BNP Asset Management's Pojarliev discusses a variety of options to address foreign currency exposures. Although there is no single best-practice solution for addressing foreign currency exposures, institutional investors have three main choices, he says.


Shifting Paradigms for Profits

By Desmond MacRae


It's the best of times and the worst of times for correspondent clearing firms.

The good news is that U.S. clearing firms are gaining more volume by going global. New client segments have emerged. Different types of securities are appearing. Technology is improving. All of this offers opportunities to earn more profits.

The bad news is the blurring of the traditional lines between correspondent clearers and global custodians. New competitors are appearing while consolidation continues. And profit margins continue to shrink.

Nevertheless, correspondent clearing firms can prosper, analysts say. And, in an era of more creative destruction, that sort of stability is welcomed by trading firms and other correspondent customers. "The key words, much overused but still most important, are partnership and value," according to Jim Crowley, a managing director at Pershing. Crowley says a correspondent clearing firm must "want to bring value to that partnership by performing the functions the customers outsource to us more efficiently so that they can focus on their core competencies."

Crowley adds that most clearing firms can clear, settle, process dividends, keep records, send and receive wires and checks. They can also provide clients with timely statements. But clients now want more, including unbundled product offerings that are flexible enough to be customized.

Value means some firms must reinvent themselves, says an industry expert.

"What has changed is the roles that some firms are choosing to play," says Matthew Bienfang, a senior analyst with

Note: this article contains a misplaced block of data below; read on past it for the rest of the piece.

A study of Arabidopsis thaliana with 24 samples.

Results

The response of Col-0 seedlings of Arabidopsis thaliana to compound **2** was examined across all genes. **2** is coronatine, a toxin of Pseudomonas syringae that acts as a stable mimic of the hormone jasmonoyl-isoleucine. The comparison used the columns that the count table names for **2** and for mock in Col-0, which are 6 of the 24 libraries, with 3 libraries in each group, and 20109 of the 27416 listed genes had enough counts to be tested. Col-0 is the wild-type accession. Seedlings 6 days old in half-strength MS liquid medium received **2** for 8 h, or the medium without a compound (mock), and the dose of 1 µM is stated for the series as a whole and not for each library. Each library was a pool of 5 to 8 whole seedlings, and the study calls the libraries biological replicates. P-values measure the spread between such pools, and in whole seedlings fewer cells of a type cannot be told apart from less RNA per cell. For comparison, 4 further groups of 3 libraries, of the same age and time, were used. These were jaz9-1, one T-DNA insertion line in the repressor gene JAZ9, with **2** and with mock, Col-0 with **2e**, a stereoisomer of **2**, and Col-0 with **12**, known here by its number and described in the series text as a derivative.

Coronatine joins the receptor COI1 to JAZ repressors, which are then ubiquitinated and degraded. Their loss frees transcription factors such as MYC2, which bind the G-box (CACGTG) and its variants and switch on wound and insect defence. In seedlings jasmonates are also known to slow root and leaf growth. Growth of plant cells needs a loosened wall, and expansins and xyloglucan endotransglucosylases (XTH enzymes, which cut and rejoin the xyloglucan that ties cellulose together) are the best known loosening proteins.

TowerGroup in Needham, Massachusetts. Firms are redefining their focus on the clearing business. In fact, last November ADP bought U.S. Clearing and another firm from Bank of America. ADP's goal is to add the outsourcing of securities services to its core business of payroll, benefits, retirement and human resources services.

So does this mean self-clearing has finally become a dinosaur?

"There are a few companies that can enable firms to go back to the self-clearing model, or at least appear to," Bienfang says. And as for how clearing firms see the world, multiple choices are now available.

Three Models

Clearing firms, officials say, can now facilitate three models.

"Self-clearing firms want fixed costs for people and technology," according to Joe Barra, president of ADP Clearing and Outsourcing Services. "Some of them now want to move some tasks into a variable-cost structure."

The second model outsources entire functions such as cashiering, human resources, licensing and registrations. The third model is where firms "move onto our platform, and we do all the operations and support services," Barra explains.

Customized service is important. Newer client segments want sophisticated services. There is growing investor demand for securities other than traditional equities. Regulatory requirements are increasing.

"Some clients want a distributed operating model with tools that will allow their investment professionals to input transactions, have them read by home office rules engines for review and approval, then delivered directly to us," Crowley explains.

But these services must be provided around the world, says another executive.